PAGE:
Scammers prey on gullible internet users in vulnerable states of mind, targeting millions of people each year with lottery scams. So, if you’re feeling extra lucky this month it doesn’t mean that you’ve actually won.
In light of the upcoming National Lottery Day, celebrated every year on July 17, we want to remind consumers to remain vigilant and offer some handy tips and tricks to help you spot these swindles so you can protect your identity and finances.
Lottery scams may target you via email, text, messages on social media or even the postal office, and Bitdefender Antispam Lab researchers have spotted multiple spam campaigns now targeting users' inboxes across the world, including in the US.
Here’s just a taste of what lottery-themed scams our researchers spotted this week:
Mega Millions lottery
A bogus BMW lottery draw
Your email won the Powerball lottery
Asian Lottery has randomly selected your email
All the above emails are scams designed to steal your money and personally identifiable information. The cybercrooks impersonating representatives of both well-known and made-up lottery organizations claim that you’ve won millions of dollars after your email address was randomly selected.
Before receiving your grand prize, you’re asked to provide identifiable data, including your name, address, job title, passport and mobile phone number, among others.
But trying to access your winnings will actually cost you money.
Common lottery and sweepstakes scam tactics include:
You receive a message telling you you’ve won a foreign lottery or other local lotteries to which you haven’t bought any tickets
The message contains misspellings and poor grammar
You’re asked to pay to receive your prize. The alleged lottery representative asks you to pay taxes, shipping charges or processing fees in the form of gift cards, wire transfers or crypto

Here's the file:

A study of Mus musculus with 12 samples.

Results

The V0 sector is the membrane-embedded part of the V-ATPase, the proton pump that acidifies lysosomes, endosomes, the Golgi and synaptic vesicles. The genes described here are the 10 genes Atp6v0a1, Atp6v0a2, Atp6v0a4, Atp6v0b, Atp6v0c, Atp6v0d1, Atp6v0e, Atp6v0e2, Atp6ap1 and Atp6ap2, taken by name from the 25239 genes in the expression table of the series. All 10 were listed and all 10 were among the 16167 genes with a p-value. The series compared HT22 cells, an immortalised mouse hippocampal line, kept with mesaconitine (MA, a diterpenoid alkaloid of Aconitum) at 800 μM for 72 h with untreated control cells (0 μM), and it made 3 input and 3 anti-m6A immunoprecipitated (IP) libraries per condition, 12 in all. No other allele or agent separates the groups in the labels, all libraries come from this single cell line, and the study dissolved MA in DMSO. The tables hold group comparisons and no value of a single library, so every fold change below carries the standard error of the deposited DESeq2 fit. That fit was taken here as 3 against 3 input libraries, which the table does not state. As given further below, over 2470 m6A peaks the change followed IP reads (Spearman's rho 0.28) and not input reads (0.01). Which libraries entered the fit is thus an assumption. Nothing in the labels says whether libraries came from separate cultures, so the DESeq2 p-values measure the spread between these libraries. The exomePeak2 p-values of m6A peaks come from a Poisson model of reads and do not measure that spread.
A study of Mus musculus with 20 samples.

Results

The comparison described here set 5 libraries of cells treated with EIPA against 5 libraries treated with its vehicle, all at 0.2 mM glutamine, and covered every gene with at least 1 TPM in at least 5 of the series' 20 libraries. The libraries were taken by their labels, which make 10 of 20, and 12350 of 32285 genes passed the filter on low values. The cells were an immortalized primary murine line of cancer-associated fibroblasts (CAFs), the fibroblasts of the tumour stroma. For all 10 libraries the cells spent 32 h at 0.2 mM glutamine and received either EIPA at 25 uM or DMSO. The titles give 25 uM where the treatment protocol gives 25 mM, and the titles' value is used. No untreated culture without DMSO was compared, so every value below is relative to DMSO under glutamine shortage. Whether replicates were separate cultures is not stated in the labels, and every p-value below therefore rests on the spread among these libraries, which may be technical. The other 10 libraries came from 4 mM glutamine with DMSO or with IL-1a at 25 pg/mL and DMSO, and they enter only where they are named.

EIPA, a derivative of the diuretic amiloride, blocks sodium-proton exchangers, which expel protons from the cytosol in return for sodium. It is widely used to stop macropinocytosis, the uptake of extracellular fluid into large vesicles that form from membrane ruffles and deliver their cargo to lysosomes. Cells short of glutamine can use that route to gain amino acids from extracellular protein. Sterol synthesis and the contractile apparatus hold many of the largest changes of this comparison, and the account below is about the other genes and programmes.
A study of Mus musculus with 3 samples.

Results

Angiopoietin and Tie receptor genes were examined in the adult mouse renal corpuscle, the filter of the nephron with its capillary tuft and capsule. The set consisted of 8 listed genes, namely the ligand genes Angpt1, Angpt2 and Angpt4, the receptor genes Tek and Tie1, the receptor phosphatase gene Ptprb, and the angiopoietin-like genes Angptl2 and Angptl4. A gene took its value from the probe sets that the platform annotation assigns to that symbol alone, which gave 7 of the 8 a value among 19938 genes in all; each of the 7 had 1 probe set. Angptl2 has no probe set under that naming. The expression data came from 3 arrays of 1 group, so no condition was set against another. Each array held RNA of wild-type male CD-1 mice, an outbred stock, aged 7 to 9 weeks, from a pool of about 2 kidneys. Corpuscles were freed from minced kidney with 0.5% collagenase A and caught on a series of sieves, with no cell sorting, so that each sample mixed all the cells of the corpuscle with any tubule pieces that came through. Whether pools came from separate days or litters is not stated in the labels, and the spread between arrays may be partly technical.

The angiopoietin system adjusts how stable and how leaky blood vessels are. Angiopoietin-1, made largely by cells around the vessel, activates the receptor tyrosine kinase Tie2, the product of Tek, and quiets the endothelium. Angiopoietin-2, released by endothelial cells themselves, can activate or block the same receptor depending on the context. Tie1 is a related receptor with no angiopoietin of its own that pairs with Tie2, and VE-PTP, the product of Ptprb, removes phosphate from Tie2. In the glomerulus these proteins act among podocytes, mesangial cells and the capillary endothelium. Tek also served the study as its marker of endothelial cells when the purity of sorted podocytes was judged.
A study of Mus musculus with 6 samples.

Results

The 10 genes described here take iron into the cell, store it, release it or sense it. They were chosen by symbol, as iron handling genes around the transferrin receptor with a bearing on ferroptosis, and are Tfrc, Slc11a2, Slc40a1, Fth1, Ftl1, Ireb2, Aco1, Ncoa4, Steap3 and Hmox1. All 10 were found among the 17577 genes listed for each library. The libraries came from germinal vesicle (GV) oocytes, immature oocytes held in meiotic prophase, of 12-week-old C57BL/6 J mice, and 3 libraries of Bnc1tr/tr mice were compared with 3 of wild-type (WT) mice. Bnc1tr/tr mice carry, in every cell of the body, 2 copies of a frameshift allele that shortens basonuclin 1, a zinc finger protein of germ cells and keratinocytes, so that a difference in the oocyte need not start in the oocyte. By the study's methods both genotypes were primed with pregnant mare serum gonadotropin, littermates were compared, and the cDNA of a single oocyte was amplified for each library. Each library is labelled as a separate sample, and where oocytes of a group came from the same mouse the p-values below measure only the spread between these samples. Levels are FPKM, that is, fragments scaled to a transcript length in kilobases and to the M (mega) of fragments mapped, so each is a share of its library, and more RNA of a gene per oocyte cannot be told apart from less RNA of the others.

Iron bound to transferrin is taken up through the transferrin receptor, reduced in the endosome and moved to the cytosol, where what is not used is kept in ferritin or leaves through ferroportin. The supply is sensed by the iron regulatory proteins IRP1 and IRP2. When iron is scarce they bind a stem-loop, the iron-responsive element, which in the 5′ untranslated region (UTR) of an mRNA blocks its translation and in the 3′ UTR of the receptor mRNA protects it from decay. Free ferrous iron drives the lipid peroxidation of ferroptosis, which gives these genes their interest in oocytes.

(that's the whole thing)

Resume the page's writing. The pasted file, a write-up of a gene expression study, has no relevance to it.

The message asks for sensitive personal and financial info
The scammers may claim they are from the government or a well-known company. However, if they demand money or other information from you, think again.
The message says that to claim your prize you need to access a link or an attachment with instructions. This could be just another trap to persuade recipients to download malware onto their devices.
The message asks you to act now or risk losing your prize
You’re told to keep everything confidential
How to stay safe:
Scrutinize all correspondence that says you’ve won the lottery. If you haven’t bought a ticket or participated in any official raffle, it’s a scam. Similarly, real lotteries such as Mega Millions are only playable in the US. Recipients who live outside of the lottery’s jurisdiction should dismiss the message.
Never give out personal information or send money to individuals contacting you online or over the phone
If you’re unsure if a message telling you you’ve won the lottery is legitimate, look up the organization's name online and find the contact information. Never call numbers you find in the message or reply to any mentioned email address.
Hang up on any individual who is asking you for money and personal info over the phone
Report any fraudulent or suspicious attempts to your bank and police
If you want to improve your cybersecurity posture and fend off scams and fraud attempts, check out Bitdefender’s all-in-one security plans. You can block phishing and nasty internet threats while benefiting from a premium VPN, a password manager, and identity theft protection (for the US only) to stay on top of data breaches and stop fraud attempts.